Jessica Whited with an axolotl salamander

Jessica Whited with an axolotl salamander

Jessica Whited, PhD, has fond memories of exploring the outdoors when she was younger—catching crayfish with her sister and studying butterflies and moths with her mother. Now a researcher in BWH’s Regenerative Medicine Center, Whited devotes her days to understanding limb regeneration in a species of salamanders and how research on these creatures might one day help humans suffering from limb loss.

Could you tell us about your work and how it could help patients one day?

My work is devoted to understanding limb regeneration in axolotl (Mexican) salamanders. The salamanders I study have legs that look and function very much like human limbs. They can completely regenerate these limbs, even as adults.

Millions of Americans are currently living with the consequences of having a major limb amputation, some of which are due to injuries and a rising number of which are due to diseases, including diabetes and peripheral artery disease—a condition in which plaque builds up in the arteries and reduces blood flow to the limbs. I believe that if we want limb regeneration in humans to become reality, we’ll only get there if we first understand how nature has solved this problem, which is why we’re studying salamanders.

How did you get interested in this field?

From an early age, my mother taught me how to identify, catch and display butterflies. I remember making my big score of a perfect tiger swallowtail on the ashes of our previous night’s campfire at the age of five. I also vividly remember going with my sister to a nearby creek to catch crayfish with our hands and coffee cans. I attribute my love of nature, which eventually gave rise to my interest in science, to these early experiences outdoors.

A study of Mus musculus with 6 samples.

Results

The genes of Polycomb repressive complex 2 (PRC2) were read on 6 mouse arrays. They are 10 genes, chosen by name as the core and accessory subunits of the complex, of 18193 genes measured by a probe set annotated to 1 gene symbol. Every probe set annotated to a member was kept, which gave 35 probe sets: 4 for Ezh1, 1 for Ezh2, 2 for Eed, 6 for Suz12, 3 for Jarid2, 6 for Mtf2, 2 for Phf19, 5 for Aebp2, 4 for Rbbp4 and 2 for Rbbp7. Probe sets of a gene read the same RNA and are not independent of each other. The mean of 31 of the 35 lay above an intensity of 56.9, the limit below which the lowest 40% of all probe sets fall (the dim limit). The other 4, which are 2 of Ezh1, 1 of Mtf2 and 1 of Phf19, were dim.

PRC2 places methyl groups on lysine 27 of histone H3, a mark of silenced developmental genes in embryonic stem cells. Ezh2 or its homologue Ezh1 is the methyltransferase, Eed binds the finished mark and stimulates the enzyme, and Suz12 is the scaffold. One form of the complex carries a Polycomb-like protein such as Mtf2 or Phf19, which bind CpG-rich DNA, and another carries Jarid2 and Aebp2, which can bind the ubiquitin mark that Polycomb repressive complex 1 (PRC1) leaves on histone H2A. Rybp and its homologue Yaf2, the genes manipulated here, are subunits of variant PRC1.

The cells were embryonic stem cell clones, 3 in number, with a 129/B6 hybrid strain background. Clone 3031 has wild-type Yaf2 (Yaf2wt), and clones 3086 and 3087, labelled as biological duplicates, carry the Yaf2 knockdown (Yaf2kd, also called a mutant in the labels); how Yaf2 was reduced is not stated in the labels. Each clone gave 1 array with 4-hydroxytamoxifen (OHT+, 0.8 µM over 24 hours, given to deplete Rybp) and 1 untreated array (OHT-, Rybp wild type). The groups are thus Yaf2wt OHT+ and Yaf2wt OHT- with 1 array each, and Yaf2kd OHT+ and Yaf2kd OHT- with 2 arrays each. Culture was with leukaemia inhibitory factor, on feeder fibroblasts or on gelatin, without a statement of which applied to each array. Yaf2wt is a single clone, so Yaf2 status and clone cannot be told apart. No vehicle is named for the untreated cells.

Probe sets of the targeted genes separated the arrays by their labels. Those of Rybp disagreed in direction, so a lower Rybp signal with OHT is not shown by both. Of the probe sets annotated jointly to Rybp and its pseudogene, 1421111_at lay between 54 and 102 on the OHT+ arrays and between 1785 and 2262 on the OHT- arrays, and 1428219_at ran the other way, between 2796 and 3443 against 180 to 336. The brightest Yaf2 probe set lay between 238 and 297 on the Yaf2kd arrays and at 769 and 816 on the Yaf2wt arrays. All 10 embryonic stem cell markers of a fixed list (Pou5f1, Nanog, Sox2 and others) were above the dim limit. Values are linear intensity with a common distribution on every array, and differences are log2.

My grandfather, who was afflicted with peripheral artery disease, underwent a series of amputations starting with a few toes and culminating in his foot before he eventually died of the condition. This was my first encounter with the disease. I hope that someday our work will help people with this condition.

Tell us more about what it’s like working with salamanders.

Working with axolotls is a ton of fun and also a lot of work. They are permanently aquatic, which means we devote a great deal of time to keeping them clean and their water in good shape. We have hundreds of axolotls at all life stages.

Many species of salamanders can regenerate limbs. We work on axolotls specifically, though, because they have a generation time—the time between birth and when they can have babies—of nine months, which is shorter than many other salamanders.

What types of genetic tools are you working on developing?

In collaboration with the Broad Institute of MIT and Harvard, we are making a map of all of the genes that get turned on or off during regeneration and which are specific to the regenerating part of the leg. We’re also mapping how this changes over time, with respect to specific kinds of cells.

In your opinion, why is BWH a good fit for your research?

BWH is a premier medical center. In orthopedic surgery, people are getting joints replaced and fractures fixed every day. It’s exciting to be a part of extending that outlook into the research domain, because doing research is how we make progress so that conditions that have no great treatment now might become treatable someday. Additionally, in a hospital, there’s the feeling that what you’re doing in the lab could have a double benefit—besides just pushing the boundaries of human understanding and satisfying curiosity, what you’re doing might actually help people someday.